Navy lowers Chris Kyle’s medal count

Chris Kyle posing with his book "American Sniper." (Photo: Kyle)

Chris Kyle posing with his book “American Sniper.” (Photo: Kyle)

Late Navy SEAL and “American Sniper” author Chris Kyle had fewer awards than he had claimed in his best-selling memoir.

Following an investigation Friday, the Navy re-issued Kyle’s DD-214 discharge paperwork to accurately reflect his accolades and it showed three fewer medals than in the original document and his book. The revisions removed a Silver Star and two Bronze Star with combat valor.

The Navy launched the probe into his medal count in May following a report by The Intercept that identified discrepancies in his claims. The online magazine found issues after reviewing his service record, obtained through a Freedom of Information Act request.

A Navy spokesman, Ensign Marc Rockwellpate, told USA Today the military branch corrected Kyle’s discharge paperwork after evaluating all available records on the matter.

“Specifically, the DD 214 did not accurately reflect the decorations and awards to which Kyle was officially entitled,” Rockwellpate said. “After notifying his family of the error, the Navy issued a corrected copy of the DD 214, which accurately reflects Kyle’s years of honorable and extraordinary Navy service.”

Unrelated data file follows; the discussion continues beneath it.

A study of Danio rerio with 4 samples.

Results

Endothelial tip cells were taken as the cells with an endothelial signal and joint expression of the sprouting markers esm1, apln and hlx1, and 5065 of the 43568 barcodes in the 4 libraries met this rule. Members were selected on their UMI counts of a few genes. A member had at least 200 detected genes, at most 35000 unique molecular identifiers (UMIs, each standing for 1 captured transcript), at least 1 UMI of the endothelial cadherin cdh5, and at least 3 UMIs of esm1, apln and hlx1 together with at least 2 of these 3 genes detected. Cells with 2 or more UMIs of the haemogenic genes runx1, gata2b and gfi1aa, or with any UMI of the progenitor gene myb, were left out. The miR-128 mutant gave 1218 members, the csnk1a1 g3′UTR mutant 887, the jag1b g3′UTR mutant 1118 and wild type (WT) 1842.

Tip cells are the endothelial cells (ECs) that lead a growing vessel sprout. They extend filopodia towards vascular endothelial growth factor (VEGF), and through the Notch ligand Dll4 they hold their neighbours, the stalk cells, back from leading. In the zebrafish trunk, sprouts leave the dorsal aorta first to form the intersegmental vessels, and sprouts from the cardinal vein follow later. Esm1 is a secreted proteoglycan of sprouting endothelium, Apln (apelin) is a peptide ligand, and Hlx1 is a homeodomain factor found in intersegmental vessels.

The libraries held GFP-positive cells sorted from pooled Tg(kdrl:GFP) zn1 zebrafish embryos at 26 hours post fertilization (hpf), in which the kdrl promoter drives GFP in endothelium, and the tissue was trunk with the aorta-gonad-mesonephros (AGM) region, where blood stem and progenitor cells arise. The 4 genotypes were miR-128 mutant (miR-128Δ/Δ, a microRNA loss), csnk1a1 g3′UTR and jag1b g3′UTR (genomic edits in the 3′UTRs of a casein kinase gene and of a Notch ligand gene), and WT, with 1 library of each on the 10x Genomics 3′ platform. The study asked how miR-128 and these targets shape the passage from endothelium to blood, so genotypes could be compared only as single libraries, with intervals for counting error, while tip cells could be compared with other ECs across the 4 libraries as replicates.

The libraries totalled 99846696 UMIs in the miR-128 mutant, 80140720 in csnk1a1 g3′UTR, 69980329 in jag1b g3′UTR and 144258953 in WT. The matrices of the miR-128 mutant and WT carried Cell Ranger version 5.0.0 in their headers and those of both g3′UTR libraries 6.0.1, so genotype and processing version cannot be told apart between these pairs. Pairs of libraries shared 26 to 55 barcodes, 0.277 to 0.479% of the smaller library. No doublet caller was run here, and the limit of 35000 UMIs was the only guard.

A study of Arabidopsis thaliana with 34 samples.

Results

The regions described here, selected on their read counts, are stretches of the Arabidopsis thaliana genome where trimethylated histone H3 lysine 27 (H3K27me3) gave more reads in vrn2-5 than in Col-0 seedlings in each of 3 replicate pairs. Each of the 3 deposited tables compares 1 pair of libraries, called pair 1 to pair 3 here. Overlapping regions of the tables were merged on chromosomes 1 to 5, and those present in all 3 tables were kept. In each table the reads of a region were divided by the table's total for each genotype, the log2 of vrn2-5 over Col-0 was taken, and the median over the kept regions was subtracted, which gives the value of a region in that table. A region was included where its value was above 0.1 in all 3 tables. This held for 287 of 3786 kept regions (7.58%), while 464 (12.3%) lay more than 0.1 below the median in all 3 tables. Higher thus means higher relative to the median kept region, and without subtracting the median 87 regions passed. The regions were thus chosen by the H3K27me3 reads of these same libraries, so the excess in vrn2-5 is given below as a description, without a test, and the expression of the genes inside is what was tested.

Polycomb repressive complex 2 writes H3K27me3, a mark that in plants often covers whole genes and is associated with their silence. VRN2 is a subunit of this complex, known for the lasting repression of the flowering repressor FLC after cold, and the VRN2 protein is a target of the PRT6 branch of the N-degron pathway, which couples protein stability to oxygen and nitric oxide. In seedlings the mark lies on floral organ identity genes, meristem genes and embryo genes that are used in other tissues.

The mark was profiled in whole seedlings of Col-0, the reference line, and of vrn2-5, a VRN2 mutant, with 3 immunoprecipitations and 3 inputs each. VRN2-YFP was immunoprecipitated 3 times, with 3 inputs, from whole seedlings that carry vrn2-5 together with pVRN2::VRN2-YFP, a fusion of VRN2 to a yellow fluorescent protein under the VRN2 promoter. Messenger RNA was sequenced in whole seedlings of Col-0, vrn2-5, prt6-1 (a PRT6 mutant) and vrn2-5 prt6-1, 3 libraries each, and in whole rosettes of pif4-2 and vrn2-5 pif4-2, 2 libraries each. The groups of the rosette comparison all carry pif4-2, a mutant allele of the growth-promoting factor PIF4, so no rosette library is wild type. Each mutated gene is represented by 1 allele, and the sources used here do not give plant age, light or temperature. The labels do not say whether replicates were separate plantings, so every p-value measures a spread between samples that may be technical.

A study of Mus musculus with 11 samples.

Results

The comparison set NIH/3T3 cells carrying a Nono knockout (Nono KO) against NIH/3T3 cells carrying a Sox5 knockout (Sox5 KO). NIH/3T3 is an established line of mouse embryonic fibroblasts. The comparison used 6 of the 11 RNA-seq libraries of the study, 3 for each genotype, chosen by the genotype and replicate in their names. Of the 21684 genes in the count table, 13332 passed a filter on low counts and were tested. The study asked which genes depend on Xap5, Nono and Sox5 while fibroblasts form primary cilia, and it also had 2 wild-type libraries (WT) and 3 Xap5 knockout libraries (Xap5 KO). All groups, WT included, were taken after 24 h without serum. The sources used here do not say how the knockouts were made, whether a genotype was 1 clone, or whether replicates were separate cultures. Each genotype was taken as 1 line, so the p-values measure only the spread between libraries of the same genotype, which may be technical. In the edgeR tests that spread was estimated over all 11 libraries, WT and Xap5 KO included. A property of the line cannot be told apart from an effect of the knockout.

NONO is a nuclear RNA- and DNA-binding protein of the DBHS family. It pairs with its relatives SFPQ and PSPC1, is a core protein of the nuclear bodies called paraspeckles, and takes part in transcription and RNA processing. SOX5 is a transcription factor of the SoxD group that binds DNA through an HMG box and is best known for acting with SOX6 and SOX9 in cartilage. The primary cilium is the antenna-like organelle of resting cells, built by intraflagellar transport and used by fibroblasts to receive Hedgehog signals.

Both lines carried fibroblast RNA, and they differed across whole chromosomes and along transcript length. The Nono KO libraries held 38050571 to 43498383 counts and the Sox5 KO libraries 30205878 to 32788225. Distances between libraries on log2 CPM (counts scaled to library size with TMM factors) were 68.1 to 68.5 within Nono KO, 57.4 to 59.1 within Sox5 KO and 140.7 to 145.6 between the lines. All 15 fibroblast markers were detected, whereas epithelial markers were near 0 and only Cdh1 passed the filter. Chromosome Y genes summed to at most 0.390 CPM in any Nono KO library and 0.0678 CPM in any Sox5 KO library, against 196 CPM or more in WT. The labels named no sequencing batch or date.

The findings are in line with other embellishments tied to Kyle, whose memoir sold more than 1.2 million copies and movie adaptation grossed more than $350 million at the U.S. box office.

Before he died, Kyle was the subject of a defamation suit filed by former Minnesota governor and professional wrestler Jesse Ventura. In his book, Kyle claimed he punched out a man later identified as Ventura for making disparaging statements about Navy SEALS. A jury awarded Ventura $1.8 million in damages in 2015, however, an appellate judge vacated the ruling last month.

Kyle told D Magazine, a Dallas-based publication, that he had killed two armed men trying to carjack him at a gas station after he returned home from Iraq in 2009. But reporters have been unable to corroborate the details as authorities and others in the area have no record of the incident.

An article by The New Yorker described events following a panel discussion in which Kyle participated. Those at the dinner afterward said Kyle told them he and another sniper traveled to New Orleans during the chaos of Hurricane Katrina. There, they picked off 30 armed looters. However, the military, authorities and media have not confirmed the story.

Kyle was murdered at the age of 38 alongside his friend Chad Littlefield, 35, on Feb. 2, 2013, by a troubled veteran they were trying to help.